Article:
Speed limits

by Joel Crews
RJ’s Meats produces up to 13 varieties of bacon, including apple-cinnamon spiced, black pepper, dry-cured and short-back bacon (belly with loin still attached).
 

Rick Reams, owner of RJ’s Meats and Groceries is a believer in taking it slow. His company, founded in 1987, takes a deliberate approach to hand-crafting smoked and cured meats at his 4,000-sq.-ft. processing plant and retail store in Hudson, Wisconsin. Yes, demand is strong for his hams, sausages, brats and fresh meats, but perhaps the fastest-growing product line is RJ’s bacon. Reams contends it’s fast growing because of his not-so-fast approach to producing the premium bacon.

“We take our time with it,” he says. “You get out of it what you put into it.”

Compared to the large-scale bacon processing facilities where thousands of bellies are cranked out a day, RJ’s is a sharp contrast, with its modern cured bacon requiring up to nine days to process.
“I like to give all of my seasonings time to marry up,” Reams says.

RJ’s also makes its share of dry-cured bacon, which he says is in a league of its own and is on a schedule of its own, requiring up to three weeks to produce. RJ’s prides itself on small-batch processing of all of its products, with a tumbler and a smokehouse with capacities of 500 lbs., which is the ideal production target. Often, storage space is the challenge at the popular store, which includes just 1,200 sq. ft. of processing area, where bacon is the emerging king.

By keeping added water out of its bacon slabs, Reams says his products stand out among the competition. It starts with the raw material, he contends.

“I’m always in constant search for the best belly possible. I’m not here to give my customers discontinued product.” Belly thickness and consistent fat-to-lean ratios are critical to this goal and he relies on five different suppliers for those bellies, which he prefers to be fresh, never frozen. He says as demand for bacon has increased, the challenge has been in maintaining a steady supply of good bellies.

“I’m built on repeat business and making sure they can depend on the same quality and flavor of that bacon each time and it starts with the raw product,” Reams says.

After hand rubbing and inspecting each belly, Reams and his team tumble and then divide them into groups of six and put them in lugs, where they are rotated about every four days for up to two-and-a-half weeks to ensure consistent and thorough absorption of the seasonings.

“It’s labor intense,” Reams says, “but our customers appreciate it, so it’s well worth the time.”

 RJ's Meats cooks bacon overnight whenever possible.
RJ's Meats cooks bacon overnight whenever possible.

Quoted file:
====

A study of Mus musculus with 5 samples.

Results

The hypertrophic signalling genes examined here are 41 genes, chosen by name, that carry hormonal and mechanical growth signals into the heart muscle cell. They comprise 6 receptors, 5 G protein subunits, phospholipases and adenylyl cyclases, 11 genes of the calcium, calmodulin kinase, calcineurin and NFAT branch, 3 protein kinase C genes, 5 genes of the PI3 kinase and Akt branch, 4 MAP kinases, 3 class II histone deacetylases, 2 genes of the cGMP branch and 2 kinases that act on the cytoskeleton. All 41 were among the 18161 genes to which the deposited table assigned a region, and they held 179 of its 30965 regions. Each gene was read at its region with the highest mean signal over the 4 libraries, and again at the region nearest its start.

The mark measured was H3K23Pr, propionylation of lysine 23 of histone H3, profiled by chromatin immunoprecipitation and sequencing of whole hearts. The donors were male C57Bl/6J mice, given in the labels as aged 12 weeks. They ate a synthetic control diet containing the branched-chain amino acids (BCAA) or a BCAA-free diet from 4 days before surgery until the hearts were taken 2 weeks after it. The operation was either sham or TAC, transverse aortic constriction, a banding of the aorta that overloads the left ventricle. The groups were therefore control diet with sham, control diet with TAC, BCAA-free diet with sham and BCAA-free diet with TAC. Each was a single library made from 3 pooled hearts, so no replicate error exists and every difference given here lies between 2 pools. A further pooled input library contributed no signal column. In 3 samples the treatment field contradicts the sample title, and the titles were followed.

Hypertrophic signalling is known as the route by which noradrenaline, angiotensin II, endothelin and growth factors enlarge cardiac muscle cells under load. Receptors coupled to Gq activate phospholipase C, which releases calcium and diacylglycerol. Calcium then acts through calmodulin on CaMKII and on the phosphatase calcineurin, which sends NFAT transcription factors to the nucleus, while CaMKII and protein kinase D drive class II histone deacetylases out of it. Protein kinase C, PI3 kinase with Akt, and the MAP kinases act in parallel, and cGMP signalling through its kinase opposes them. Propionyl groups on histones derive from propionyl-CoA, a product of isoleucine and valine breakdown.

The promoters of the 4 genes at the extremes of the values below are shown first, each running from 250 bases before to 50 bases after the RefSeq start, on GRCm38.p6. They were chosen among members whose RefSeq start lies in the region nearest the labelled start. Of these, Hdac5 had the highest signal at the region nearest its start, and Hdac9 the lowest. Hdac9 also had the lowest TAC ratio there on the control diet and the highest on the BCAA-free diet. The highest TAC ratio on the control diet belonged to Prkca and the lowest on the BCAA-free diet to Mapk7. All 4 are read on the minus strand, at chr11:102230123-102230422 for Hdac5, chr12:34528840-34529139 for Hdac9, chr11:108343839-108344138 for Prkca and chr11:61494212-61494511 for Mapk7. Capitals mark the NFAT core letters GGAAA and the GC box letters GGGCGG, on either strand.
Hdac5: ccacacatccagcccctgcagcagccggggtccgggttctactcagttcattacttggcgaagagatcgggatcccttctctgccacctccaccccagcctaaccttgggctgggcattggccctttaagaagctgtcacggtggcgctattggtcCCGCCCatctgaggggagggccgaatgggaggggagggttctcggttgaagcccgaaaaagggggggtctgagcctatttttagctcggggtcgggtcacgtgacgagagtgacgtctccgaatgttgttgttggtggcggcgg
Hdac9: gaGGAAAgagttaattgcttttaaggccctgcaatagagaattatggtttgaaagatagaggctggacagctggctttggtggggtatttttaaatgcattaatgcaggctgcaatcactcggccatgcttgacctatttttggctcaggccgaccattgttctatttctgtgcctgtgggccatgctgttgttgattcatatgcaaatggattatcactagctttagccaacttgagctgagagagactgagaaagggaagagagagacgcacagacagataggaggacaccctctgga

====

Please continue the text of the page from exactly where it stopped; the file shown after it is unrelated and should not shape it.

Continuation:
The bellies are then moved to an Enviro-Pak smokehouse retro-fitted with a wood-pellet generator to impart the rich flavor RJ’s bacon has become known for. Reams points out that he has discovered the flavor of his bacon products peaks by cooking the bellies to a slightly higher temperature than most processors. While many commercial bellies are cooked to an internal temperature as high as 128° F, RJ’s slowly smokes his bellies for about 12 hours with an internal target temperature of 140° F, in part to ensure the product achieves a higher level of lethality.

By holding the products at a higher temperature for a longer period of time, Reams says, “it changes the texture of the meat and the flavor development.”

RJ’s cooks its bacon overnight whenever possible to avoid variations in humidity that can occur during the heat of the day. Besides that, the smoking process is part of the customer experience and Reams intentionally located the processing area where the senses of retail customers visiting the store get a treat.

“The aroma gets out there and customers say there’s nothing like coming in here on the mornings when bacon or hams are finishing and coming out of the smokehouse,” Reams says.
By using pellets in his smoker, Reams has the flexibility to easily switch flavor profiles to include hickory, apple, maple, oak and occasionally beech wood.

RJ’s retail meat case showcases half slabs of RJ’s bellies, most of which is sliced to order. Reams makes up to about 13 varieties of bacon, including; apple-cinnamon spiced, black pepper, dry-cured, short-back bacon (belly with loin still attached), as well as its pressed-and formed, cottage bacon, made from chopped pork shoulder.

Some of the specialty flavor profiles Reams sells include: Aztec hot chocolate, five pepper and even a seasonal offering made by butterflying a belly and seasoning it with apple pie spice, cinnamon and pecans — rolled up and smoked to perfection.

While Reams produces gourmet bacon made in small batches, he says growth in that part of his business has been exponential over the past several years. Currently, RJ’s produces and sells about 1,500 lbs. of its traditional bacon per month from its retail counter in addition to about 300 lbs. of packaged bacon. The hand-crafted traditional bacon products are priced at about $7.29 per lb. while the leaner, extruded cottage bacon — fully cooked — is about $6.49 per lb.

RJ’s also sells its full line of bacon products online, through www.baconscouts.com while Reams is building an e-commerce-based website to sell shelf-stable products, such as summer sausage and salami.